1. This is an application by a guilty respondent to a divorce petition foe confirmation of the decree of the learned District Judge. The only point for our decision is whether such an application lies. Section 17, Divorce Act, under which this application is made, enacts as follows:
Every decree for dissolution of marriage made by a District Judge shall be subject to confirmation by the High Court.
2. There is nothing in the wording of the section itself which gives any guidance as to which of the parties to a divorce petition may move the Court. We have therefore to look to the practice as it exists in England for guidance in this matter. The practice in England is clear. It has for long been held in England that only the innocent party can move the Court for a decree absolute. The Court will not listen to the guilty party. We may refer here to the well known case of Qusey v. Qusey (1876) 1 P.C. 56.
3. The learned Judge ordinary in that case said as follows:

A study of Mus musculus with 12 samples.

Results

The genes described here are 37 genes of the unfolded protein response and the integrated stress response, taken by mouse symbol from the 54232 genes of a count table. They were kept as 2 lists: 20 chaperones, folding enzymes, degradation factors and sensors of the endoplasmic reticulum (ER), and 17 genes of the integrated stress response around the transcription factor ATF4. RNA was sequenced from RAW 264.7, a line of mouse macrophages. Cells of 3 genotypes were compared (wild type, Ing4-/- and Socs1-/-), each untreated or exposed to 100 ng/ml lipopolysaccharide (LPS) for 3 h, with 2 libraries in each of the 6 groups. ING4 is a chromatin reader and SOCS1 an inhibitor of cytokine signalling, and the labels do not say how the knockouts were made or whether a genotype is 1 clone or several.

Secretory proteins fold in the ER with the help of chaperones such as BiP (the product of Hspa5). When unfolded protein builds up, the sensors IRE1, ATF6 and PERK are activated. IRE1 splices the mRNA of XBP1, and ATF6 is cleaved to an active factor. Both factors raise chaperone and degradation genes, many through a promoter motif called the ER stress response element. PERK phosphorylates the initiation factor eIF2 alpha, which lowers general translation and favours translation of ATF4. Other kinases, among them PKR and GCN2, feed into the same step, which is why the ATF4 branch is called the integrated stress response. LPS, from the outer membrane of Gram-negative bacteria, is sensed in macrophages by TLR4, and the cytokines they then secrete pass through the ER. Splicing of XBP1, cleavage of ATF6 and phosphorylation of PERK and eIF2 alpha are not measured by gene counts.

The principle that the powers of the Court are to be exorcised only on behalf of the innocent, is illustrated by the case of Hulse v. Hulse (1872) 2 P. 357, where the Court refused to make a decree absolute on the ground that the petitioner had been guilty of adultery after the decree nisi. If, then I were to make the decree absolute at the instance of the respondent, I shall be in effect giving relief not to the innocent but to the guilty, and upon the ground of her own guilt.
4. That case has been followed in numerous other cases, notably in Lewis v. Lewis (1892) P.D. 212 and Rutter v. Rutter (1921) P.D. 421. It appears to us that this principle should be-followed in India on an application to eon-firm a decree by a lower Court under Section 17. Until confirmation of decree, the proceedings are not finished, the marriage is not dissolved and it appears to us to be contrary to principle that a marriage should be dissolved on the motion of the guilty party. On this ground, therefore we hold that this application does not lie, and we dismiss it accordingly.